The sad news is that there’s no magical trick to suddenly become more creative. The good news is that it is still entirely possible to cultivate creativity. You can take the creativity you have and – with the right amount of effort and time – build on it and make it more than it is.
Creativity is much like any other skill in that you should discover role models who display the talents and abilities you want. Use them as examples and follow their lead to boost your own skills. There are several ways you can go about boosting your creativity. Creative thinking allows you to solve problems, create better art, and see the truth and beauty of everything. Here are five habits of highly creative people.
Creative People Look at the Details
Some creative people become worried that knowing too much will stifle their creativity. A Creative person will study the details of the problem they need to solve. The people at Speedo wanted to create a swimsuit enabling swimmers to cut their time, and so they researched all the potential ways to reduce drag. They found plenty of interesting sources, such as shark skin and material to reduce muscle vibrations. What matters is that it works, even if you have to look “out there” to find the solution. Velcro was invented from dug fur and synthetic cocklebur hooks.
Creative People Follow Disciplined Routines
When people think of creative geniuses they imagine someone trapped in a cycle of self-destruction and bursts of inspiration. The reality is that many creative people are actually very disciplined. They understand creativity needs to be worked at.
Think about Stephen King. His work definitely fits the idea of a tortured soul, but he always talks about how important his routine is. He believes that creative routines are just as important as sleeping routines. Do the work, and let the music come to you. So to speak.
Creative People Understand Everything is Important
There is absolutely no telling when you’ll get a great idea, and what might trigger it. There are lots of interesting stories behind creative ideas, but they can only become clear in retrospect. There’s no telling what you were actually thinking or doing at the time.
An example of this is James Dyson and his magical bagless vacuum cleaner. The inspiration? Industrial cyclones used in sawmills to clear the air. Dyson got curious about sawmills and learned about them. He couldn’t possibly have known that learning about sawmills would inspire him to create a modern technical marvel and lead a multimillion dollar company.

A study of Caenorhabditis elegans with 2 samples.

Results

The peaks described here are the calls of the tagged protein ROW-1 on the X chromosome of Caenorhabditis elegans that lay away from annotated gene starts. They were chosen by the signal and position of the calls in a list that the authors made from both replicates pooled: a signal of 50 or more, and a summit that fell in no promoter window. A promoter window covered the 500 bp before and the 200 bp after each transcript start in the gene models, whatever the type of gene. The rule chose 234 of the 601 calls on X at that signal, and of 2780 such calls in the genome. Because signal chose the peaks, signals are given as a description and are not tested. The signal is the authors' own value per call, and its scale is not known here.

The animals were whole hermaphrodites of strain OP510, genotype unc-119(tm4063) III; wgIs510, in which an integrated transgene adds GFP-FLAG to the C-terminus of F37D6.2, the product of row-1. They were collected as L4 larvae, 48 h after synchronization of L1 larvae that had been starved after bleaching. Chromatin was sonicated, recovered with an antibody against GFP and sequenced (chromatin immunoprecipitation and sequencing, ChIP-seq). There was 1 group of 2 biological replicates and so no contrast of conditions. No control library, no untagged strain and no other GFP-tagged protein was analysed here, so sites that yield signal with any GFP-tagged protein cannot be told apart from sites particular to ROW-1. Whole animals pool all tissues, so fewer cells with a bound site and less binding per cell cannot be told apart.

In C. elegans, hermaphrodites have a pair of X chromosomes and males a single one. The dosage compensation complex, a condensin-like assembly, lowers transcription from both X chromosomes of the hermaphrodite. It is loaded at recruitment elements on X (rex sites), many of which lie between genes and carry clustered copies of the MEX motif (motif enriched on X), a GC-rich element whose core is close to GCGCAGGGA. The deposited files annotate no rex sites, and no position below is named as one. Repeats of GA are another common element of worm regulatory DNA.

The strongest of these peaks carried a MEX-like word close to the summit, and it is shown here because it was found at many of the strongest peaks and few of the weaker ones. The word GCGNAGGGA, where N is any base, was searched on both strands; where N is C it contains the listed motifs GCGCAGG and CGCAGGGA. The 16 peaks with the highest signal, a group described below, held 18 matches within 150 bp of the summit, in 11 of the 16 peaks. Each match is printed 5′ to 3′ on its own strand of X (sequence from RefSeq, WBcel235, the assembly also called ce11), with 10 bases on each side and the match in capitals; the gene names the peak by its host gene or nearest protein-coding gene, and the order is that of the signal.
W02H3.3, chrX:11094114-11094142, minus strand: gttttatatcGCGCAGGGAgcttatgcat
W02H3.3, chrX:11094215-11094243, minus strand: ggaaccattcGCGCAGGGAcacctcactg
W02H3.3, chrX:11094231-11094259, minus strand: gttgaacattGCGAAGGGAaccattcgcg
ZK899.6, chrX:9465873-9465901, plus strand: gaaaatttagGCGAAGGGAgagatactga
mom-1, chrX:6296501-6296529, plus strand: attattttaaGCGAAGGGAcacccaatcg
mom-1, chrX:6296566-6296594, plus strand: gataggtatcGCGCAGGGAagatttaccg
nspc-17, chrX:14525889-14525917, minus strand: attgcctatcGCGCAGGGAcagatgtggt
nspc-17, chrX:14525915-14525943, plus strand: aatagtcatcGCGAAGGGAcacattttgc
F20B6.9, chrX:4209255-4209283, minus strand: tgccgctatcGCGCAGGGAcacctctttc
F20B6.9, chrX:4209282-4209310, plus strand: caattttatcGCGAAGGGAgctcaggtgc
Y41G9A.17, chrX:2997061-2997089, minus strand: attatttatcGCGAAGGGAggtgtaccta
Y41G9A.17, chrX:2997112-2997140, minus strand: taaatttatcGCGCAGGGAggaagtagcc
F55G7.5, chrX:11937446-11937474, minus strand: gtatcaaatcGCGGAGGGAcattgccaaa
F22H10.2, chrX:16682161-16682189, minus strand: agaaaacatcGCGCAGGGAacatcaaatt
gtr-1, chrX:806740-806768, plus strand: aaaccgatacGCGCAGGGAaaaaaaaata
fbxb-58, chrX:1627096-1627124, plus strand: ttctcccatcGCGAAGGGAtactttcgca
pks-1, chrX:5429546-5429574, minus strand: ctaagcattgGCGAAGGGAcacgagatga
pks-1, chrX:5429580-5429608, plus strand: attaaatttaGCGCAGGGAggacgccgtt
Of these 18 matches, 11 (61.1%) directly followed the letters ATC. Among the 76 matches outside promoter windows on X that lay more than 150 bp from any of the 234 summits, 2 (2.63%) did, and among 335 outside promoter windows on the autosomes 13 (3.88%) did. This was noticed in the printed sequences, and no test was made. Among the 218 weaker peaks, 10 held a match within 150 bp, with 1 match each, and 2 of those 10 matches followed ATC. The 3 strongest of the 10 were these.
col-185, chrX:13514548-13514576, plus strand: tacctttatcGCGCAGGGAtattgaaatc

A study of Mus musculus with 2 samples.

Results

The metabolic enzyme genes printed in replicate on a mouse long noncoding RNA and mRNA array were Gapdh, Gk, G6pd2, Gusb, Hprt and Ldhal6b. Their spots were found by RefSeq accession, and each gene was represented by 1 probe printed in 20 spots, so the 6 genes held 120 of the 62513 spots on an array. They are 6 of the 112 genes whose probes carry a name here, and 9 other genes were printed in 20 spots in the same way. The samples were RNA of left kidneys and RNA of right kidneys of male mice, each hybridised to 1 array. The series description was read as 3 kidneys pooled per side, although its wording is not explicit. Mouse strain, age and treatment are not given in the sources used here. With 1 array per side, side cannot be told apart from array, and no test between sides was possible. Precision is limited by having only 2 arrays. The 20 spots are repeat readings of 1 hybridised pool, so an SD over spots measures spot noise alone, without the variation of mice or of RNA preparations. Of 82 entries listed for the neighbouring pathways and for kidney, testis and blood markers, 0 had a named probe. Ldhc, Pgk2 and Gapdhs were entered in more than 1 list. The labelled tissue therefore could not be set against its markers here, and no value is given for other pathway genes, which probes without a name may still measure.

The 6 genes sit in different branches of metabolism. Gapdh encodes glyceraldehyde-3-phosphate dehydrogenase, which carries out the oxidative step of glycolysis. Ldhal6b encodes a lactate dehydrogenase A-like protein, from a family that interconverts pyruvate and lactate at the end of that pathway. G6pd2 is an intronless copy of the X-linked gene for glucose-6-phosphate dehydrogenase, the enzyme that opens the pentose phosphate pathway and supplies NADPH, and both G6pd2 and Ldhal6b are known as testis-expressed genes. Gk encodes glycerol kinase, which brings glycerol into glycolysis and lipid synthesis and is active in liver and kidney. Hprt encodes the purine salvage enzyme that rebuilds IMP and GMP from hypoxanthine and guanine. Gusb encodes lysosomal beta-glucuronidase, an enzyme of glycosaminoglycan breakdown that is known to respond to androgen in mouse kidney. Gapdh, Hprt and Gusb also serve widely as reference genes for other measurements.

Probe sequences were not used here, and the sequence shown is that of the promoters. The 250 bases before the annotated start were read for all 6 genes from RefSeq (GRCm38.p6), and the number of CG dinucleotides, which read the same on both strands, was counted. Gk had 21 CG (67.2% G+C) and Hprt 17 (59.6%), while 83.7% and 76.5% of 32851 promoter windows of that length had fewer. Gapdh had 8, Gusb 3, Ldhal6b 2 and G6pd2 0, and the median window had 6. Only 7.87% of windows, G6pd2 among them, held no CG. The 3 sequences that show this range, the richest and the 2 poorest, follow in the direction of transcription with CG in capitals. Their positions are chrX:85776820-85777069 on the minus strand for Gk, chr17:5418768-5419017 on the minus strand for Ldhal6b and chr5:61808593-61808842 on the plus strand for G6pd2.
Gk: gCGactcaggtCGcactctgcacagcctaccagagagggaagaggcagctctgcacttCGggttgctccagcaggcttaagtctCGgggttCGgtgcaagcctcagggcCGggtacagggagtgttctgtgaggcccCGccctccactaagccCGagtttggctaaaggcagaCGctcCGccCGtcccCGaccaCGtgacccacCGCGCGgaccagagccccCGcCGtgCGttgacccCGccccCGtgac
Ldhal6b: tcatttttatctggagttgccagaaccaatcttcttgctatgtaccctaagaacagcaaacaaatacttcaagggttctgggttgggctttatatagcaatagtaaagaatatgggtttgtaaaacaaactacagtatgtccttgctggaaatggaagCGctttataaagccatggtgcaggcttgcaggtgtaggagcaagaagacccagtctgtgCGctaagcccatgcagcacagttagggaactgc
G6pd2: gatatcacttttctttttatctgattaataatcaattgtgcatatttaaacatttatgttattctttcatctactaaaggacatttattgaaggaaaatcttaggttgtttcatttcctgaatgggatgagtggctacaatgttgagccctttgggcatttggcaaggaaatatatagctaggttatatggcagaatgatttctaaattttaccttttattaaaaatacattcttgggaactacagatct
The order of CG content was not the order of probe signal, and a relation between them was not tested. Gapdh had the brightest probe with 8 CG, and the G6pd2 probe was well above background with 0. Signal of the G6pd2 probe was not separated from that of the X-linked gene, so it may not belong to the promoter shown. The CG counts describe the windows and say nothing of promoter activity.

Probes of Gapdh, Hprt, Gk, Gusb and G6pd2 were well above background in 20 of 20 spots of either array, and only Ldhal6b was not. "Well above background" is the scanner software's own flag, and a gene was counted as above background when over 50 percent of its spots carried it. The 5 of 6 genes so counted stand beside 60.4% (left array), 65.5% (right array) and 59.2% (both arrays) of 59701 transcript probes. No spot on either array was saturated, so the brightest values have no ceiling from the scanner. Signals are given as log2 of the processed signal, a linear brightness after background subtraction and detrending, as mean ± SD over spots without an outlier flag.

Creativity relies on pursuing knowledge in the present without even thinking about how it might be useful or relevant in the future. People always assume the things they do and don’t need to understand. Creative people, on the other hand, soak up knowledge and prepare themselves for opportunities they aren’t even sure will arrive.
Creative People Consider The Timing
A successful creative endeavor is one that fits to the time. Creative people need to understand more than just the technical aspects of their work. They must also understand how it fits into the context of when it is being done.
Think about all the musicians that have managed to have long careers that span decades. The reason they were able to stay relevant so long was because they changed with the times. They remained in the context of the time their music was made. The music business – along with many creative pursuits – are a matter of “adapt or perish”. Consider the iPod. It wasn’t the first MP3 player but, thanks to the creativity of Steve Jobs, it can be considered the best.
Creative People Know When to Give Up
The final trait of creative people is knowing when it’s time to give up on a project. One of the dangers of being creative is wanting to see all of your ideas through to completion. If a project is taking up more time, energy, and money than it would ever return on, then it’s time to give it up. Otherwise you just waste your precious resources. Come up with fun and creative ideas and solutions, but don’t exhaust yourself trying to make them work.